Detail from "Ginkgo Wall", a urethane resin and ginkgo leaves installation by Beth Galston
Detail from "Ginkgo Wall", a urethane resin and ginkgo leaves installation by Beth Galston

KEENE, N.H., 8/10/07 - The Thorne-Sagendorph Art Gallery will celebrate the 100th anniversary of the MacDowell Colony with an exhibition of artwork by nine New England visual artists who have been in residence at the Peterborough, N.H., colony. “In Residence: Artists and the MacDowell Colony Experience” will open Tuesday, September 4, and continue through Sunday, October 14, at the Thorne Gallery located on the Keene State College campus.

The Friends of the Thorne will host an opening reception on Tuesday, September 4, which will feature a 7 p.m. screening of “Seasons of MacDowell,” four short films by the MacDowell Fellows at Keene State’s Putnam Arts Lecture Hall, Redfern Arts Center on Brickyard Pond, followed by the exhibition reception at the gallery.

The Thorne Gallery and The Art Gallery at the University of New Hampshire co- organized this exhibition by inviting MacDowell visual artists from the New England states to submit work for consideration. From these submissions nine artists were chosen whose work represents a broad range of style, media, and subject matter.

Selected artists for this exhibition include Rosemarie Bernardi from Keene, N.H.; Tom Chapin from Phippsburg, Maine; Jim Coates from Lyndeborough, N.H.; Roberta Delaney, from Sherborn, Massachusetts.; Grant Drumheller, from New Castle, N.H.; Beth Galston, from Carlisle, Mass.; Olivia Parker, from Manchester, Mass.; Susan Schwalb, from Watertown, Mass.; and Judith Stone, from Burlington, Vt.

In addition to recent work, the artists included in the exhibition at least one work that was either created at MacDowell or directly influenced by the MacDowell experience. Accompanying the work on exhibition, artists’ statements reflect upon their MacDowell residency and describe how the residency experience affects their current work.

“I was privileged to be awarded four MacDowell residencies in the 1980s and one in 1990. My visits have fed my studio work ever since,” explained Rosemarie Bernardi, an associate professor of art and chair of the Department of Art at Keene State.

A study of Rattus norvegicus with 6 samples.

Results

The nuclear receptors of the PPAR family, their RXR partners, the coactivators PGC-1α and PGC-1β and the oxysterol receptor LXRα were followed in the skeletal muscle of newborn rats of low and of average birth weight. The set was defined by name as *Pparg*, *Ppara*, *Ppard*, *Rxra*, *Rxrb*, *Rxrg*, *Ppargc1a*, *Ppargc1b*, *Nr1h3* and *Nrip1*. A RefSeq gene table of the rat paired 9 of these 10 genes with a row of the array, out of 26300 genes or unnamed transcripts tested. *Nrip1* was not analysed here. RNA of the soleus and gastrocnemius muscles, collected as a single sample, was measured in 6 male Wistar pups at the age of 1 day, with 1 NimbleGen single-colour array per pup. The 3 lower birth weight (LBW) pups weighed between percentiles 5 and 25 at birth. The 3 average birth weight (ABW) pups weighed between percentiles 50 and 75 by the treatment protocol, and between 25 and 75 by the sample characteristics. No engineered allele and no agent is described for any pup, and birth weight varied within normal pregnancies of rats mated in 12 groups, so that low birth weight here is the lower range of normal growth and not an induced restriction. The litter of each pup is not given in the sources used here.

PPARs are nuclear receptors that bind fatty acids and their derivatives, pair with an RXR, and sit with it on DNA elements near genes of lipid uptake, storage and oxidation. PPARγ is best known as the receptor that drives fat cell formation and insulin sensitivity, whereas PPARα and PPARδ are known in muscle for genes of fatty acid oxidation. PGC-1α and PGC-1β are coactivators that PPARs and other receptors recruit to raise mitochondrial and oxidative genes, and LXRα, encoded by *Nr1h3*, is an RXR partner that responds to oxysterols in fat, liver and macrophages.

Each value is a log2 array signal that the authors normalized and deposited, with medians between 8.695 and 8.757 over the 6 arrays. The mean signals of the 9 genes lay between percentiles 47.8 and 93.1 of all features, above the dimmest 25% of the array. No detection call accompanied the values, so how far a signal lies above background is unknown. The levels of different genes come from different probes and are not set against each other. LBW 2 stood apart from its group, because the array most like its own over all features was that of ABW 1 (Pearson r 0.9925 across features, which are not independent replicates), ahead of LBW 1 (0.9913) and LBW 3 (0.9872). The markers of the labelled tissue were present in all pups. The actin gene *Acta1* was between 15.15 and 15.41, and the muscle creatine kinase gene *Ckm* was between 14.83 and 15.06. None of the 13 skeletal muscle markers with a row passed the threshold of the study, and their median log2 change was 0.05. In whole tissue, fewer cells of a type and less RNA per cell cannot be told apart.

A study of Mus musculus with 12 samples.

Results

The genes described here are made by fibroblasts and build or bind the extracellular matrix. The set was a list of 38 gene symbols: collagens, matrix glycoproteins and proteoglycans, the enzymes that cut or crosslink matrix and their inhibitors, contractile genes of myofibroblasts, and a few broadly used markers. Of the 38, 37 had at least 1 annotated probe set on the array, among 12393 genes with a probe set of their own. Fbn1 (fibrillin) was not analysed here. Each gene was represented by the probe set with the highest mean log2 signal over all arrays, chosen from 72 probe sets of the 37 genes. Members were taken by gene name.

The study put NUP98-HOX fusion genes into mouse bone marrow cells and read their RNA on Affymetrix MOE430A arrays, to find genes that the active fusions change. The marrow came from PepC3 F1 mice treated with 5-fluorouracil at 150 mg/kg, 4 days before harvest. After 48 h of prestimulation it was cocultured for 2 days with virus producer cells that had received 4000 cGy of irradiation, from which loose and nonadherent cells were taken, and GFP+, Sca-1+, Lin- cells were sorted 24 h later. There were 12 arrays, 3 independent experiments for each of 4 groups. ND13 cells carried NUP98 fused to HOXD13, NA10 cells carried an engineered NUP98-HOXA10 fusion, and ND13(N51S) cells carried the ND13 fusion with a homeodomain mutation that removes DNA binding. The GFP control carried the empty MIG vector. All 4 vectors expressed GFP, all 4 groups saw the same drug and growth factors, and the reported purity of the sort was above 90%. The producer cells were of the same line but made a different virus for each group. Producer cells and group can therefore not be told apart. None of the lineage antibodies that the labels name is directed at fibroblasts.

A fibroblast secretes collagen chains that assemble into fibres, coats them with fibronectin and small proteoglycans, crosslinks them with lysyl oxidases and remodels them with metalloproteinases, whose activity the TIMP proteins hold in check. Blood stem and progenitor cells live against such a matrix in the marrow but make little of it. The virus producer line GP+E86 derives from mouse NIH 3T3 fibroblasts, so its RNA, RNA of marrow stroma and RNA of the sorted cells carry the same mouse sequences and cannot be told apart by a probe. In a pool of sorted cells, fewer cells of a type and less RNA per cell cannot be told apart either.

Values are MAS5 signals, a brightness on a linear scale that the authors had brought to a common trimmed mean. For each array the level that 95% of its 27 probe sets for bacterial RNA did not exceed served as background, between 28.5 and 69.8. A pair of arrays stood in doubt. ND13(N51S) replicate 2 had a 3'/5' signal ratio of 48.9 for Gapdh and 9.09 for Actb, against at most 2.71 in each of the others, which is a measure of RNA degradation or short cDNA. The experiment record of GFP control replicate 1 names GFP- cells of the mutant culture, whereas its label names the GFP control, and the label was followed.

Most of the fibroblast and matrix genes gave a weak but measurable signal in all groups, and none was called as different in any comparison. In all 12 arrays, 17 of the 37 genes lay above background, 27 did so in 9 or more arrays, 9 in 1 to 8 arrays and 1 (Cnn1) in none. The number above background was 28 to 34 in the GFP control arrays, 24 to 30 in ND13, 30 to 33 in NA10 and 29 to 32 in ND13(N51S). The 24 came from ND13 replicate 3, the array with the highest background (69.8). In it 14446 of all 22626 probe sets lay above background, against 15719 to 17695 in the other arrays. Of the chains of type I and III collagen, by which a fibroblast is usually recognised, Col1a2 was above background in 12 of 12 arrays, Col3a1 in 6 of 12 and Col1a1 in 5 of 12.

The MacDowell Colony is America’s first multidisciplinary artist residency program, founded in 1907. The colony’s mission is to nurture the arts by offering creative individuals of the highest talent an environment in which to produce enduring work of the imagination. More than 250 writers, composers, visual artists, photographers, printmakers, filmmakers, architects, interdisciplinary artists, and those collaborating on creative work come to the colony each year from all parts of the United States and abroad.

“In Residence: Artists and the MacDowell Colony Experience,” the exhibition reception, and the film screening are open to the public free of charge. The Thorne Gallery is open Saturday to Wednesday, from noon to 4 p.m., and Thursday and Friday, from noon to 7 p.m. Located on Wyman Way on the KSC campus, the gallery is accessible to people with disabilities. To request accommodations for a disability, please call the gallery at least two weeks before your visit. For more information, call 603-358-2720 or visit

From September 14 through November 11, the Thorne will be one of the national venues for an exhibition of well-known American art. “From Cassatt to Wyeth: American Masterworks from the Mitchell Museum” includes work by such nationally known artists as Thomas Eakins, Mary Cassatt, Childe Hassam, John Singer Sargent, George Wesley Bellows, Robert Henri, William Glackens, and others. These artists are among the most significant figures in the development of American art and the wider history of art. This significant exhibition will be the basis of the Friends of the Thorne education program, from October 29 to November 9, for area schoolchildren and residents of retirement and nursing facilities.